London, New York Stand to Suffer
Frangos, Lazarus, Dougherty, WSJ, Sep 16, 2008
The blast furnace known as the finance industry that has stoked the economies of New York and London for decades is rapidly cooling. Both cities have relied heavily on the securities industry for jobs, taxes and a prosperity that has lifted restaurants, stores, auto sales, fashion, entertainment and a wide range of other businesses. The future of that largess is in doubt a year into the credit crunch, with the bankruptcy filing of Lehman Brothers Holdings Inc. and the sale of Merrill Lynch & Co. adding to the thousands of jobs already lost — and the likelihood that more will come. At the Thomas Pink store on Wall Street, where men’s shirts can cost as much as $450, Abby Kuskin, a sales associate, said she expects business to get worse. But “maybe they’ll be buying more interview shirts,” she said. New York developer Mario Procida is also concerned; he’s about to open a luxury condominium building overlooking Brooklyn’s Grand Army Plaza — charging an average price of $1.9m for units. “There has to be kickback in the marketplace across the board,” he said. Even before the weekend, the financial-services industry had shed more than 11k jobs in New York and 20k in London. Lehman has about 25k employees, a majority of them in London and New York. Thousands more positions are expected to be cut through the acquisition of Merrill Lynch by Bank of America Corp.
Jobs in financial services tend to be more important for the overall economy. About 5% of New York City’s jobs are in financial services, but they account for about a quarter of wages, some $60b in 2006, according to the New York Office of the State Comptroller. That same year, personal and corporate taxes paid by the securities industry accounted for about 10% of the city’s tax revenue. Every economic downturn has spawned doom and gloom in the world’s financial centers. But this one brings concern that the financial-services industry won’t be the same economic engine it has been in recent years. “These are very uncertain times right now,” said Stacey Pecor, owner of the Olive and Bette’s chain of boutiques in New York, whose regular customers include many in the investment banking world. “I think the shopper’s going to look at her wardrobe and she’s going to keep everything. “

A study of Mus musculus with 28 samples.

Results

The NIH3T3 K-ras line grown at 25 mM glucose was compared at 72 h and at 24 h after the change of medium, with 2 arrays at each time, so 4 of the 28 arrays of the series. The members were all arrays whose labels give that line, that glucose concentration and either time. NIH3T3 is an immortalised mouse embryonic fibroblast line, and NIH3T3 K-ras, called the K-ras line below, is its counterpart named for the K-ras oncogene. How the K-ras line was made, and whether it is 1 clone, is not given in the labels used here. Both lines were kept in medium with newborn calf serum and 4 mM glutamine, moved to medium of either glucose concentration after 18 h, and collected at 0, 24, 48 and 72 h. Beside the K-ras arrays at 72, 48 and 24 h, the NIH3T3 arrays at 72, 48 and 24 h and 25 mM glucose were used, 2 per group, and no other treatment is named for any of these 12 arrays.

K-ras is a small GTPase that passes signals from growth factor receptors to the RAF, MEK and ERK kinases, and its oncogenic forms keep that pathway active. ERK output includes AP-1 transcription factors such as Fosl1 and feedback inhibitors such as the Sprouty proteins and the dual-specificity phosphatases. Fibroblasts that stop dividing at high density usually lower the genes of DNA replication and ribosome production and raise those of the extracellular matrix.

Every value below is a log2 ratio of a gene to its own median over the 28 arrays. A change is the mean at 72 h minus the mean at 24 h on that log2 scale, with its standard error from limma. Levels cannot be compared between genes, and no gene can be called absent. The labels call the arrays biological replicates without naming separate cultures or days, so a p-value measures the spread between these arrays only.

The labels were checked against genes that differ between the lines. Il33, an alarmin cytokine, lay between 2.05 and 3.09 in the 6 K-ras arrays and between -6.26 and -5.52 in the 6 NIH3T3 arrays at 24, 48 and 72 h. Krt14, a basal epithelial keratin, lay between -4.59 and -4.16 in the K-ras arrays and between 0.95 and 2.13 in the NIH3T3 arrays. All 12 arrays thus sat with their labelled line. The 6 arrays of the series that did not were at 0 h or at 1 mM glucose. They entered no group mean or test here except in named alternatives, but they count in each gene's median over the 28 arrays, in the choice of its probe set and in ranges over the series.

Some thought the financial industry was due for a contraction even before the credit crunch started last year. In 2006, financial services accounted for about 8.3% of the US economy — higher than at any point in history — compared with 7.3% a decade ago. The finance industry, much like the automotive industry, still may have more jobs than the economy can support. “Just how many investment bankers does the economy need?” said Thomas Philippon, a finance professor at New York University. Some Merrill Lynch executives were no doubt asking themselves that question yesterday as they strolled through the Aston Martins, Bentleys, and Bugattis parked outside of their offices at Motorexpo, a high-end auto show with unfortunate timing. One representative for a luxury brand said he got a few “you picked an odd day” comments. New York City Mayor Michael Bloomberg said at a news conference Monday that the city is partly cushioned from the expected blows from Wall Street thanks to growth in industries such as media, fashion, tourism and bioscience.
London’s commercial real-estate industry is more vulnerable than New York’s because it has seen more building of office space in recent years. More than 8m sq. ft. are being built in London’s financial district. About 80% of that is considered “speculative,” meaning the developer hasn’t signed leases for it yet. In London, Lehman leases a 1m sq. ft. building in Canary Wharf and occupies 80% of that space, subleasing the rest. Lehman officials haven’t announced plans for those offices. In New York, by contrast, there are only a handful of speculative office buildings. Still, stocks of companies that own Manhattan real estate were hammered. Merrill’s biggest landlord in New York, Brookfield Properties Corp., saw its stock plummet 18% to $17.40 Monday as of 4 p.m. In bankruptcy-court protection, Lehman’s leases could be canceled, leaving landlords on the hook for gobs of space as job growth contracts. If Lehman gives up three-quarters of its roughly 2.7m sq. ft. of office space, the New York office vacancy rate would rise from the current 8.5% to 11.5%, a level not seen since the period after the Sept. 11, 2001, attacks, according to an estimate by Peter Riguardi, the New York president for real-estate brokers Jones Lang LaSalle. Lehman owns its headquarters at 745 Seventh Ave., near Times Square. It purchased the 1m sq. ft. building after the Sept. 11 attacks, when the firm fled the area near the World Trade Center. It paid $650m for the building, which would be a source of revenue for creditors if sold in bankruptcy.